Delta Launches New Facial Recognition Technology for Security Lines With TSA

Delta's new "digital identity experience" can also be used to check a bag.

Delta Air Lines is expanding its partnership with the Transportation Security Administration with its use of facial recognition technology making getting through airport security even quicker.

Walking past TSA security at Delta airlines
Courtesy of Delta Air Lines

The airline is implementing a "digital identity experience" at its hub in Atlanta, offering customers with TSA PreCheck and a Delta SkyMiles number the chance to pass through security and board their flight without having to pull out a boarding pass or their ID.

The Delta TSA digital id
Courtesy of Delta Air Lines

Delta started trialing the technology for international travel more than five years ago and it was first rolled out in Detroit earlier this year for domestic flights. In 2018, the airline launched the first fully biometric terminal in Atlanta.

"The exclusive expansion of digital identity moves Delta one step closer to achieving our vision of creating a more personalized and fully connected travel journey," Byron Merritt, Delta's vice president of brand experience design, said in a statement. "Our goal in turning pivotal moments like security and check-in into seamless experiences is to give time and focus back to the moments customers enjoy. Innovations like digital identity are implemented with the intention to transform the cohesive travel experience into a journey that our customers can truly look forward to."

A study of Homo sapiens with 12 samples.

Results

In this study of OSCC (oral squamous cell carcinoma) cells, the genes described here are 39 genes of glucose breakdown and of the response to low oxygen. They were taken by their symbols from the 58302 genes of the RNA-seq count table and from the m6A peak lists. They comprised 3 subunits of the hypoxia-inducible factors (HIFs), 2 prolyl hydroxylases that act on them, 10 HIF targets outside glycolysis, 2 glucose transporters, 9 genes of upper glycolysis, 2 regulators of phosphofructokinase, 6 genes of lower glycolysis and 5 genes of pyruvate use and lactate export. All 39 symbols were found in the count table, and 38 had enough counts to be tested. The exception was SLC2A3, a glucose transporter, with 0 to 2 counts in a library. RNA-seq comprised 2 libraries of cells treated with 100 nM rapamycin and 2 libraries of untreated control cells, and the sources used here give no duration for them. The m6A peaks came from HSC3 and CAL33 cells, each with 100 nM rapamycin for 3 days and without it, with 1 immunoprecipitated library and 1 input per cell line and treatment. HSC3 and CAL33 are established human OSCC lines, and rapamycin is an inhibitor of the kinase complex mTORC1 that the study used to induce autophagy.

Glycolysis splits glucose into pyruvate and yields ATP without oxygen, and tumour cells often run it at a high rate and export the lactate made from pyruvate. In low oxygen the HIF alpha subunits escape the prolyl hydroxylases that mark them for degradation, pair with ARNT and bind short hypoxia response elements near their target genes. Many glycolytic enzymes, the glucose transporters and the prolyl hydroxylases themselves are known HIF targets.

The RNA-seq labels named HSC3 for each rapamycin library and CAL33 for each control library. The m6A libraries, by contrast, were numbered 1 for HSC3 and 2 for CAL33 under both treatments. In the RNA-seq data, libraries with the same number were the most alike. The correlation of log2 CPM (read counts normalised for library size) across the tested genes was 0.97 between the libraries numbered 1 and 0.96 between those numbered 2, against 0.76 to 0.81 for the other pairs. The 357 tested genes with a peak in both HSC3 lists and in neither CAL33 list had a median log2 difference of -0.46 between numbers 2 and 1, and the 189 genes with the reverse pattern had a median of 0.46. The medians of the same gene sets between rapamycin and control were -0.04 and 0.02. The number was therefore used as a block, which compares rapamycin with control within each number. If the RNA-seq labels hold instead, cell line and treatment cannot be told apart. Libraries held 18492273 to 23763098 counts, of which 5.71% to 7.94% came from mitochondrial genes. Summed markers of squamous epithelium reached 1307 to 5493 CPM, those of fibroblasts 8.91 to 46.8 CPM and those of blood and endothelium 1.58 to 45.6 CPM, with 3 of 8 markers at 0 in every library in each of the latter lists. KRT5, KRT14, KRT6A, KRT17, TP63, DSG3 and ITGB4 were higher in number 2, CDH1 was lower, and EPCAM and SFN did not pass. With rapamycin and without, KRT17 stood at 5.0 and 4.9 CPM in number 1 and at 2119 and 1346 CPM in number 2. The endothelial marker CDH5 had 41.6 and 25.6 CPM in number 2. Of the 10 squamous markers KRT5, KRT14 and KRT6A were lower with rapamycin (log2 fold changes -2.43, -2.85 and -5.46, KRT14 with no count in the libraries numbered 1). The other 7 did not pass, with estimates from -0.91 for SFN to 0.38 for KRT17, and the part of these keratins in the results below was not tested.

Beyond seamlessly getting through security checkpoints, facial recognition technology can also be used to check a bag.

To utilize the technology, customers must store their passport information and either TSA PreCheck or Global Entry Known Traveler Number in their SkyMiles profile in Delta's app and then opt-in at check-in. When customers go to pass through security, their image is taken, encrypted, and sent to U.S. Customs and Border Protection's facial biometric matching service, according to the airline.

Delta said participating in the program is voluntary and the airline does not save or store any biometric data.

"TSA appreciates working with industry stakeholders to design, build and test innovative technologies that enhance security and improve the passenger experience," the agency's requirements and capabilities analysis acting assistant administrator Keith Goll said in a statement. "We continue to work ceaselessly to leverage the latest technology and partnerships to ensure that the traveling experience of our PreCheck passengers is as seamless, convenient and secure as possible."

Delta said the program will first be available in Atlanta's South Security Checkpoint in the coming weeks before expanding to select bag drop and boarding areas before the end of the year.

Alison Fox is a contributing writer for Travel + Leisure. When she's not in New York City, she likes to spend her time at the beach or exploring new destinations and hopes to visit every country in the world. Follow her adventures on Instagram.